Smog in Mexico City has finally resulted in a ban of cars. Beginning April 5 to June 30, private and federal vehicles will be prohibited from driving in the city one day a week and on one Saturday a month. Exceptions to the ban include hybrid and electric cars, public service and transport vehicles, and school buses.
The temporary ban of cars on Mexico City’s roads comes after smog levels were so high two weeks ago that it prompted a level 1 alert. As ABC News reports on March 30, “Officials have been meeting to consider anti-pollution measures since a Phase 1 emergency due to high ozone levels — the first since 2005 — was declared two weeks ago, when warm temperatures and still air left pollution trapped in Mexico City’s volcano-ringed valley.”
Most of the smog in Mexico City is caused by cars and the fact that the amazing city is surrounded by volcanoes makes it especially vulnerable for air pollution problems. Until summer rains will help to clear out the air in June, the car ban will stay in place.
During the past decades, the Mexican government and environmentalists have been trying to get a handle on the smog problem in one of the world’s largest cities with a population of about 20 million and 10 million cars. But actually, nothing much has changed in regard to the city’s air pollution problem:
“When we lived in Cuernavaca, which is about an hour south of Mexico City, in 1986, we used to visit Mexico’s capital on the weekend. Spending our weekends in the city was amazing. Mexico’s capital is located in the Valley of Mexico, a large valley in the high plateaus at the center of Mexico at an altitude of 7,350 feet (2,240 meters), and seeing the majestic volcanoes was inspiring. Our hotel, which was a classic Spanish-style building near the Zocalo, was like travelling back in time. Walking through the streets of Mexico City meant when looking down, you could travel into Aztec time, and looking up, you could admire the Spanish style buildings. But on some weekends, all we could do – was leave. The air pollution was so horrific that our eyes would tear so badly that we couldn’t see and breathing difficulties made it impossible to stay.”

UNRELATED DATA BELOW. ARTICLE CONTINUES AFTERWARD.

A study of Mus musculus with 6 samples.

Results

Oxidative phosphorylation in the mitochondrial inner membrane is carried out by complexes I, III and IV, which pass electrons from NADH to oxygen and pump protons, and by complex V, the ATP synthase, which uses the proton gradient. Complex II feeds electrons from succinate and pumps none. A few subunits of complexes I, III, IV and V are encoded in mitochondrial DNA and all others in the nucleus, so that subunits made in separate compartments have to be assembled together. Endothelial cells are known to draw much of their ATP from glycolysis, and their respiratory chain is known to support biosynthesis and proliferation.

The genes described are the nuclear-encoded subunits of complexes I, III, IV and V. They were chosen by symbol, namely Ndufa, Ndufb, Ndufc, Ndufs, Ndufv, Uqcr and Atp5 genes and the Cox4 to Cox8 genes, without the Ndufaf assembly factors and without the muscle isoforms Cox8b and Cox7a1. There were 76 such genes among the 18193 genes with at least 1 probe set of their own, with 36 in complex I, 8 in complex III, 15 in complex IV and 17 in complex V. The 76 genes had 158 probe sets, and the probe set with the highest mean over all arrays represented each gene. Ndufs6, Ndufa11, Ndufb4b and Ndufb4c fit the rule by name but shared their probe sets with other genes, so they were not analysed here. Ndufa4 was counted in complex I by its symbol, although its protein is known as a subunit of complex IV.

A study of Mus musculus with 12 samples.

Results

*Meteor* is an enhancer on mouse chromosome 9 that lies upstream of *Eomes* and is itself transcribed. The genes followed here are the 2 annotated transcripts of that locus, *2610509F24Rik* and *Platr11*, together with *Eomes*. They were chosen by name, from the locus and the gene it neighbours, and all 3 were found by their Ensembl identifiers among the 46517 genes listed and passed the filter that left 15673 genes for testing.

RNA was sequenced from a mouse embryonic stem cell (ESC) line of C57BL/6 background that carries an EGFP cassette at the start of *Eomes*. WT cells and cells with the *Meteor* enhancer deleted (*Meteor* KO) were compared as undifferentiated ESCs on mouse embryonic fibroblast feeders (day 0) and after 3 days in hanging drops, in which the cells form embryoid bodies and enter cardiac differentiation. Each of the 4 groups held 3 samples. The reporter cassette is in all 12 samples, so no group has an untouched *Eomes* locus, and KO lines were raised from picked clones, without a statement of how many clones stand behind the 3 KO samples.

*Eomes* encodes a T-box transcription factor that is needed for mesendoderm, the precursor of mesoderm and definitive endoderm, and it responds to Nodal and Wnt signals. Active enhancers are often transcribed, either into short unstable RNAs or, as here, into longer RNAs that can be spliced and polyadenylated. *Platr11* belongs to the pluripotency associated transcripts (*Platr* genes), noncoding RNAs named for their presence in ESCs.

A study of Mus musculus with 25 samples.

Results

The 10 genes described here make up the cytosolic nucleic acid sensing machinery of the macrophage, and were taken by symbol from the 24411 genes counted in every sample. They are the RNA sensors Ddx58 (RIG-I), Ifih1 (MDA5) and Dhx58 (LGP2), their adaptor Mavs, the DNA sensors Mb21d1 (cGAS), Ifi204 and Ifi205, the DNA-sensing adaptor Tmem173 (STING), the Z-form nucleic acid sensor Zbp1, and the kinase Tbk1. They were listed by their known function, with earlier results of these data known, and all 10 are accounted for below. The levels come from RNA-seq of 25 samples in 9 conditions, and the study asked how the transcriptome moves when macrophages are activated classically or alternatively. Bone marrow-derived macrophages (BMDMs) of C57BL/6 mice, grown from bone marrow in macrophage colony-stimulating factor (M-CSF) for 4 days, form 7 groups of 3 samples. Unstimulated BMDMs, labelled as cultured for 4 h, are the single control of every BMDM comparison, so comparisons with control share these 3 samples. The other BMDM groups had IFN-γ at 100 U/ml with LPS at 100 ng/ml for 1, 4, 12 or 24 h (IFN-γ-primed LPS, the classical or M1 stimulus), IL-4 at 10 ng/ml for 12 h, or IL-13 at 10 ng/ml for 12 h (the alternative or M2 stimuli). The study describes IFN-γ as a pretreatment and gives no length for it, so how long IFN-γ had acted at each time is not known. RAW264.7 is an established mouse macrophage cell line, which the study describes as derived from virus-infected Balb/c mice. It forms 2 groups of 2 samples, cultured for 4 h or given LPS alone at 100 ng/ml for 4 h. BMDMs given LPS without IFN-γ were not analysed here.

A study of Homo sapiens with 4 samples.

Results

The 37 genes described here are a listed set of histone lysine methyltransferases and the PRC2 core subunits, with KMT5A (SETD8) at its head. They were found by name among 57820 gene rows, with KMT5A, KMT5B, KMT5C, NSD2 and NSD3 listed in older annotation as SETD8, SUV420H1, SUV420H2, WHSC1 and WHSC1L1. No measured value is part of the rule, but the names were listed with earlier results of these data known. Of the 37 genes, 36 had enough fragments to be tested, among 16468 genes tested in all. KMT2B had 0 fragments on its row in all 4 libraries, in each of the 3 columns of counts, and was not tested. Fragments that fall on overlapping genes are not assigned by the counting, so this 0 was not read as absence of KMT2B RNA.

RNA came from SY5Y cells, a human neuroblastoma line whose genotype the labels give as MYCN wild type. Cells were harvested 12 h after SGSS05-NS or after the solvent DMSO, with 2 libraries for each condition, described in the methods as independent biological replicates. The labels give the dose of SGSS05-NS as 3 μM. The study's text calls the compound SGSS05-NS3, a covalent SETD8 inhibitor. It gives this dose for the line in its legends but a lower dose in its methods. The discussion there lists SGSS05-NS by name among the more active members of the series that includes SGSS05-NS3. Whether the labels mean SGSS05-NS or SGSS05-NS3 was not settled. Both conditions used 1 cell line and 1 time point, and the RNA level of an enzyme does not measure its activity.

“Upon returning to Cuernavaca, we often discussed the smog and car pollution topic with our Mexican friends. When we asked them why there is still so much exhaust in the air despite any smog inspections, our friends told us that the issue was often taken care of by paying a ‘mordida’ of a few dollars to a smog inspection worker, and the car would pass.”
The most recent smog alert in Mexico City was issued when the pollution index passed 200, which is double the acceptable level. In March 1992, the record level was 398.
Mexico City’s smog level on Thursday, March 31, is at 70, according to real-time information provided by Air Pollution in the World: Real time Air Quality map:
The below Air Quality Index (AQI) is an index for reporting daily air quality. It reports how clean or polluted the air is and what associated health effects might be a concern. The AQI focuses on health effects one may experience within a few hours or days after breathing polluted air.
0 – 50 Good: Air quality is considered satisfactory, and air pollution poses little or no risk.
51 -100 Moderate: Air quality is acceptable; however, for some pollutants there may be a moderate health concern for a very small number of people who are unusually sensitive to air pollution. Active children and adults, and people with respiratory disease, such as asthma, should limit prolonged outdoor exertion.
101-150 Unhealthy for Sensitive Groups: Members of sensitive groups may experience health effects. The general public is not likely to be affected. Active children and adults, and people with respiratory disease, such as asthma, should limit prolonged outdoor exertion.
151-200 Unhealthy: Everyone may begin to experience health effects; members of sensitive groups may experience more serious health effects Active children and adults, and people with respiratory disease, such as asthma, should avoid prolonged outdoor exertion; everyone else, especially children, should limit prolonged outdoor exertion.
201-300 Very Unhealthy: Health warnings of emergency conditions. The entire population is more likely to be affected. Active children and adults, and people with respiratory disease, such as asthma, should avoid all outdoor exertion; everyone else, especially children, should limit outdoor exertion.
300+ Hazardous Health Alert: Everyone may experience more serious health effects. Everyone should avoid all outdoor exertion.
While the smog level in Mexico City is of no concern, at least not as of today, it is shocking to take a look at the real-time air pollution world map. Tieling, a northeastern Province in China shows a pollution level of 999, other parts of China and India show AQI levels in the 400s, and Istanbul, Turkey is at 450. In comparison to Mexico City’s smog level of 70, Plumas in California shows an outrageous smog level of 488 – the highest in the United States.
To find out how the air pollution or smog level of your city compares to Mexico City or any other parts in the world, simply type in the name of your town under AQI’s world map.